Why I Wrote A Check To The Nazis For $1,000 (Trust Me, There’s a Good Reason)

by / ⠀Career Advice Entrepreneurship / April 21, 2014

Wow. Never thought I’d type THAT title into the subject line of this post.

Today, my friends, I wanted to give you some quick insight into a last resort strategy you can enact to finally get yourself to take action when other methods have failed. It’s very simple:


I’ve had an annoying psychological barrier lurking in the background of my brain for 25 years. I call it the Wiggle Room Barrier. The Wiggle Room Barrier has me believe that approximates can be substituted for absolutes, then makes me underestimate the consequences for not hitting benchmarks I set for myself. It sounds a little something like this (various formats):

  • “It’s ok if I’m a LITTLE late. What’s 5 – (or insert much higher number) minutes between friends/coworkers/clients?”
  • “This person SAID they wanted this deliverable at X time, but if I got it to them at Y time, everything will still run smoothly”
  • “Officer, I understand. But I was only going 11 over. It’s basically the same.”

This barrier is very real. And it has real consequences. I’ve always known that it was something I needed to work on, but I’ve always been able to work AROUND it, not through it:

For instance, if I was late to class, I’d show up and do incredible, top 1% work. Teacher can’t be mad.

Or at work, I’d build such strong personal bonds that people would be forced to overlook my negative traits in the blinding glare of my awesome.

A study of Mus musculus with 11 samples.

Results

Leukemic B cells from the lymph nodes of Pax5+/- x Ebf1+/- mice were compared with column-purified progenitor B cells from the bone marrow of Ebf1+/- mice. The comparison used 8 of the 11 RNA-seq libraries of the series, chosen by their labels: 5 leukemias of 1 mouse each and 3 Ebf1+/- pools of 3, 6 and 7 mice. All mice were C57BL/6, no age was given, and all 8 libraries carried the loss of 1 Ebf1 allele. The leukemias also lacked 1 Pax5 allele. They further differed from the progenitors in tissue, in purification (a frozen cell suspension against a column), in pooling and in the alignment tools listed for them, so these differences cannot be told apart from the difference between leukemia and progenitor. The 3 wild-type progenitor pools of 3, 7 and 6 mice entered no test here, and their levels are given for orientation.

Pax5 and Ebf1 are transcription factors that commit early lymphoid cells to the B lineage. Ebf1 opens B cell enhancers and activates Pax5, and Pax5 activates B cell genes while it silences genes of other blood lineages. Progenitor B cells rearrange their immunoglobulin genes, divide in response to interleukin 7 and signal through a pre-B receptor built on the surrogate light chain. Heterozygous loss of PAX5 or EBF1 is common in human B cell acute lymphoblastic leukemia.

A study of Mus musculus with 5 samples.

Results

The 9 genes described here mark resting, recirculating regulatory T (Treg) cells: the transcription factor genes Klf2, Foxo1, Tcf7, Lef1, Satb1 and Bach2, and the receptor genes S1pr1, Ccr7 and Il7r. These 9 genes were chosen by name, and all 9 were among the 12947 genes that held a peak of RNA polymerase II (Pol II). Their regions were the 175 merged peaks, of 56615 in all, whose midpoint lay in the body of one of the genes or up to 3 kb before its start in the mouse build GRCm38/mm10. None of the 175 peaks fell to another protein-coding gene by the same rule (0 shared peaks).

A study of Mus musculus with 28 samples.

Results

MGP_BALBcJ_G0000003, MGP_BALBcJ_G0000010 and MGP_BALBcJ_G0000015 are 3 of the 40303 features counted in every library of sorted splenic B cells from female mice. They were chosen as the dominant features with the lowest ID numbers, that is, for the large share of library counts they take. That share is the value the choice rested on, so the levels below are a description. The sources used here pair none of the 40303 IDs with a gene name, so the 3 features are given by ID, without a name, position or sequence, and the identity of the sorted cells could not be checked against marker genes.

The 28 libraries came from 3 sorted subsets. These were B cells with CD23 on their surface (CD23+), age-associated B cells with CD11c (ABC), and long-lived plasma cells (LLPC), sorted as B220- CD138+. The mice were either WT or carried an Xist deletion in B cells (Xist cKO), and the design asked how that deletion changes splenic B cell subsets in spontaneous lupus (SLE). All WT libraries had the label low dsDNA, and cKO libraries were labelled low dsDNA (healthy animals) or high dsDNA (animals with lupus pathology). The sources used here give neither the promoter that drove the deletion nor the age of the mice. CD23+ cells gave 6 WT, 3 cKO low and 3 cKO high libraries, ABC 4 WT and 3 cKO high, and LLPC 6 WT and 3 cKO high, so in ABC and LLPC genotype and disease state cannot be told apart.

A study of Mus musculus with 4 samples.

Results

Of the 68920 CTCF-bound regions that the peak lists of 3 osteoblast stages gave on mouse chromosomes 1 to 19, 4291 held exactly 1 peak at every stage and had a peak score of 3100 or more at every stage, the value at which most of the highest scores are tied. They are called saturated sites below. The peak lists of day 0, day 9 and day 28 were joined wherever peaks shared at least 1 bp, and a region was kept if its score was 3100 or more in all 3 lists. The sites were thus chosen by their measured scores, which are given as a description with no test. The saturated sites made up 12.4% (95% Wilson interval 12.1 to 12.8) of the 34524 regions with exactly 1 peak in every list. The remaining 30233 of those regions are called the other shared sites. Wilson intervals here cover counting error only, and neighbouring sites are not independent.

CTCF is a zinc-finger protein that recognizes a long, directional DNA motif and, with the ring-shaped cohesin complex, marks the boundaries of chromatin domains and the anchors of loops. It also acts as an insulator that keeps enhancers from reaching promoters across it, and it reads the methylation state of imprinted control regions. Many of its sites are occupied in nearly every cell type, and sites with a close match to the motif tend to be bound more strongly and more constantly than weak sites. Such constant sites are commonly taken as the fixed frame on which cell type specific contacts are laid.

Or maybe I’m late for my training session at the gym. My excuse: I’m paying my trainer, he’s already getting my money. No big deal.


In the back of my mind, I’ve told myself that I’d continue to work on this weak point “when I have time.” But…umm…when has THAT phrase ever really helped us get something done?

As I get older, I realize that this is something that I need to handle now. I can blame it on my parents, or the fact that I’m still “young and learning (boo hoo)”, but in reality, I need to get this shit handled. Period.

Except I can’t FORCE myself to do it. I can’t WILL myself to be more accountable or show up at places on time. I’ve tried. If I have an hour to leave, I’ll look at Google maps, see that it only calculates 38 minutes of drive time, then leave at PRECISELY 38 minutes until I have to be in the meeting. Then I have the audacity to get mad at traffic. LOL. I’m funny.

So what’s the solution? Wallow in this? Let the habit take me down and overshadow my other good qualities? Not a chance.

Thank GOD the American Nazi Party is here to help.

I remember reading a post by AJ Jacobs a few months ago. AJ had an interesting suggestion for hacking your own stubbornness.

  • First: Identify a habit that you want to be accountable for.
  • Then, to get MASSIVE leverage on yourself, write a check to a charity you absolutely HATE — and give that check to an impartial 3rd party who will check in on you once a week.
  • (Make sure to pick someone that doesn’t care about your feelings.)
  • Have them call you 1x/week for 90 seconds. If you didn’t follow through on your end of the commitment (make them probe you), the check sends.
  • That’s it.

Writing checks to people/charities you hate is one way to take massive action to change yourself. But it’s not the only way.

About The Author

Matt Wilson

Matt Wilson is Co-Founder of Under30Experiences, a travel company for young people ages 21-35. He is the original Co-founder of Under30CEO (Acquired 2016). Matt is the Host of the Live Different Podcast and has 50+ Five Star iTunes Ratings on Health, Fitness, Business and Travel. He brings a unique, uncensored approach to his interviews and writing. His work is published on Under30CEO.com, Forbes, Inc. Magazine, Huffington Post, Reuters, and many others. Matt hosts yoga and fitness retreats in his free time and buys all his food from an organic farm in the jungle of Costa Rica where he lives. He is a shareholder of the Green Bay Packers.